Coffs Computing Services

Coffs Computing Services


It’s vitally important that you have a backup solution ready for when disaster strikes, and one backup isn’t enough.

3-2-1 Backup

The basic principle of 3-2-1 Backup, is you have 3 copies of your data, stored on 2 different types of media and 1 of them is off site.

A good example of this is having one backup on an external hard drive at your house and an online backup.

This is part 2 of a 2 part series of backing up for your Mac or PC.

Part one for Mac is how to backup using Time Machine and can be viewed by clicking here.

Part one for Windows is how to backup using Windows Backup and can be viewed by clicking here.

Cloud Backup

There are a number of services you can use for backing up online.  My personal favourite is CrashPlan, some others include BackBlaze, Mozy@Home and Dolly Drive.  This post will explain how to set up CrashPlan.

Compared to a Local Backup, there are some pros and cons to using cloud backup


  • Stored offsite. If your house burns down, your data is fine
  • Version Control and limited direct access.  This is a pro, because in the case of a virus on your computer that deletes files, it doesn’t have access to the Cloud Backup, thus your backups will still be safe, even if a virus wipes out your computer *and* your backup drive.
  • Once set up, it is completely automated. No need to plug a drive in.
  • Data is backed up with encryption, so only you can decrypt the data (using your account password)


  • High Internet usage. If you’ve got a limited amount of internet bandwidth, you may need to reconsider this option as it uploads all your data via the internet.  You can get around this a little bit by only backing up your most important data.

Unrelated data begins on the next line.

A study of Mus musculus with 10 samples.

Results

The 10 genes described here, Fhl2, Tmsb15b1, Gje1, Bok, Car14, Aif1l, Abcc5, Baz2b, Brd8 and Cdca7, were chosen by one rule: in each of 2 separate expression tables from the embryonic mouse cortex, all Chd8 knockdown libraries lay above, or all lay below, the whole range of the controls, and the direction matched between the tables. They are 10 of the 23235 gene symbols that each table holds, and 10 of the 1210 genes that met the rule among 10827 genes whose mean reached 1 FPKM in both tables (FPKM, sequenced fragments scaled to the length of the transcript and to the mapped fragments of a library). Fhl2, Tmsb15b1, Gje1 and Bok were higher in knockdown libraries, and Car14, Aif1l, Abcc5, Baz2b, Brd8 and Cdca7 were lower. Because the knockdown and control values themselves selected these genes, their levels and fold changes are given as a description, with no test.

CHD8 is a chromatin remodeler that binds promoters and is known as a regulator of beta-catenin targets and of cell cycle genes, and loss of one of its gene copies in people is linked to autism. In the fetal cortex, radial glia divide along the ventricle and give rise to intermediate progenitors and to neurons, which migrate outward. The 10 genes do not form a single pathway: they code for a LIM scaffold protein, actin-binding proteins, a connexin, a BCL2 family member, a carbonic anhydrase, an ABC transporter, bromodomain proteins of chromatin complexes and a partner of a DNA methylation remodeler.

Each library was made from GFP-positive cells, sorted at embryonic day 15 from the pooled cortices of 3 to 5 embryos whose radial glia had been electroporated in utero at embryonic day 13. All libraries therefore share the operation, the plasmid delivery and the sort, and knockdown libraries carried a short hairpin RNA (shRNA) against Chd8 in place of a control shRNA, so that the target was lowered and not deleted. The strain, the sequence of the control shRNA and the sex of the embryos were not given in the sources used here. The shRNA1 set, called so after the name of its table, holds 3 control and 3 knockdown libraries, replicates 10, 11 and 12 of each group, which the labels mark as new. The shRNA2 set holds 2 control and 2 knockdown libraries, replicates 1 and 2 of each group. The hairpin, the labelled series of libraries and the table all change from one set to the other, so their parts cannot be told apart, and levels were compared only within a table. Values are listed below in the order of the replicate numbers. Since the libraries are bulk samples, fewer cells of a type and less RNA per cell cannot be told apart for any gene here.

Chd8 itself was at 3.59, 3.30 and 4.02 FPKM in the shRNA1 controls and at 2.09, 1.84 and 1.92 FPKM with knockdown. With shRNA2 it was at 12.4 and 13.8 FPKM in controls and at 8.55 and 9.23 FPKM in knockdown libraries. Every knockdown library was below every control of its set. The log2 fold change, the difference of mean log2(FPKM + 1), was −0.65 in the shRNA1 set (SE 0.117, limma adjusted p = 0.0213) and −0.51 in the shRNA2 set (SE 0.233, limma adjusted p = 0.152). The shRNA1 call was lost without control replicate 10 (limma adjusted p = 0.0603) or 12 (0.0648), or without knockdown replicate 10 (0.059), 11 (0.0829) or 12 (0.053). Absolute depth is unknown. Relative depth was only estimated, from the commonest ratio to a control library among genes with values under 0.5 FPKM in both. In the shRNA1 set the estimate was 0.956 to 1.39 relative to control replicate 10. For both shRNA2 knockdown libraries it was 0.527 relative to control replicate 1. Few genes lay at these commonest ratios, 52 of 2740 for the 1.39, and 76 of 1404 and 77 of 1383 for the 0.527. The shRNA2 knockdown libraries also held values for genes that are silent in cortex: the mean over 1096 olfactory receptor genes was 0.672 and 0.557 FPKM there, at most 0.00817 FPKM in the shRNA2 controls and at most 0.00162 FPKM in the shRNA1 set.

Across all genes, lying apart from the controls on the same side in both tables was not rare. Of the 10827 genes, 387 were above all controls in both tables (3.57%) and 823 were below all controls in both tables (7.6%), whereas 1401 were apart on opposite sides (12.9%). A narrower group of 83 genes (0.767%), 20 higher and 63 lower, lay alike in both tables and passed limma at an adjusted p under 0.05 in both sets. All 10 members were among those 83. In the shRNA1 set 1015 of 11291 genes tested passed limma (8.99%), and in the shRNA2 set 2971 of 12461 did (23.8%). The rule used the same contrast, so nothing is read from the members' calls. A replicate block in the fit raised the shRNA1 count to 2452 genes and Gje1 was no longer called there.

• Yearly cost
  • Retrieving your data requires you to download it back again, so for a huge amount of data it can take a while

Cost: At the time of writing (January 2017), it is $5.25AUD a month for one machine, or $12.50AUD a month for up to 10 computers,  including unlimited storage.

They also include a free 30 day trial. The following is how to set it up with the trial (and how to upgrade your account)

How to setup CrashPlan

Note: This guide includes pictures taken on a Mac, however the process is the same whether you're running Windows or macOS.

Step 1. Go to the Website for CrashPlan:
Step 2. Click the Try it Free button up the top of the page


Step 3. Click the Download button under the Free section

Step 4. Click Download Crashplan
Step 5. Once it has downloaded, run the installer. It should be in your downloads folder.
Step 6. Once the installer has completed, CrashPlan will open
Step 7. Follow the instructions to create a new account

Step 8. Once you get to the main CrashPlan screen, you can click “Start Backup” next to CrashPlan Australia to backup to the cloud.


Here’s a few things to note

  • Click on the “Change” button under Files to pick what files are backed up.  If your internet isn’t very fast or you have a download limit, you should limit how much you back up.  Eg. Backup your Photos, but don’t worry about backing up your downloads folder or your collection of pirated movies.   If you’re not sure, I’d suggest ticking: Documents and Pictures to start with. If you store a lot of important files on your desktop, then select that folder too.

  • You can go into Settings to change how often it backs up. In the following example, I’ve got it set to backup between 2am and 7am on Monday, Wednesday and Friday. Note that it won’t turn your computer on automatically, so you need to leave your computer on if you’re going to backup at weird times like I’ve got set. The plus side is, I never notice it backing up as it’s always done when I’m asleep.

Want us to set this up for you?  Call us today to arrange an appointment for us to set it up for you.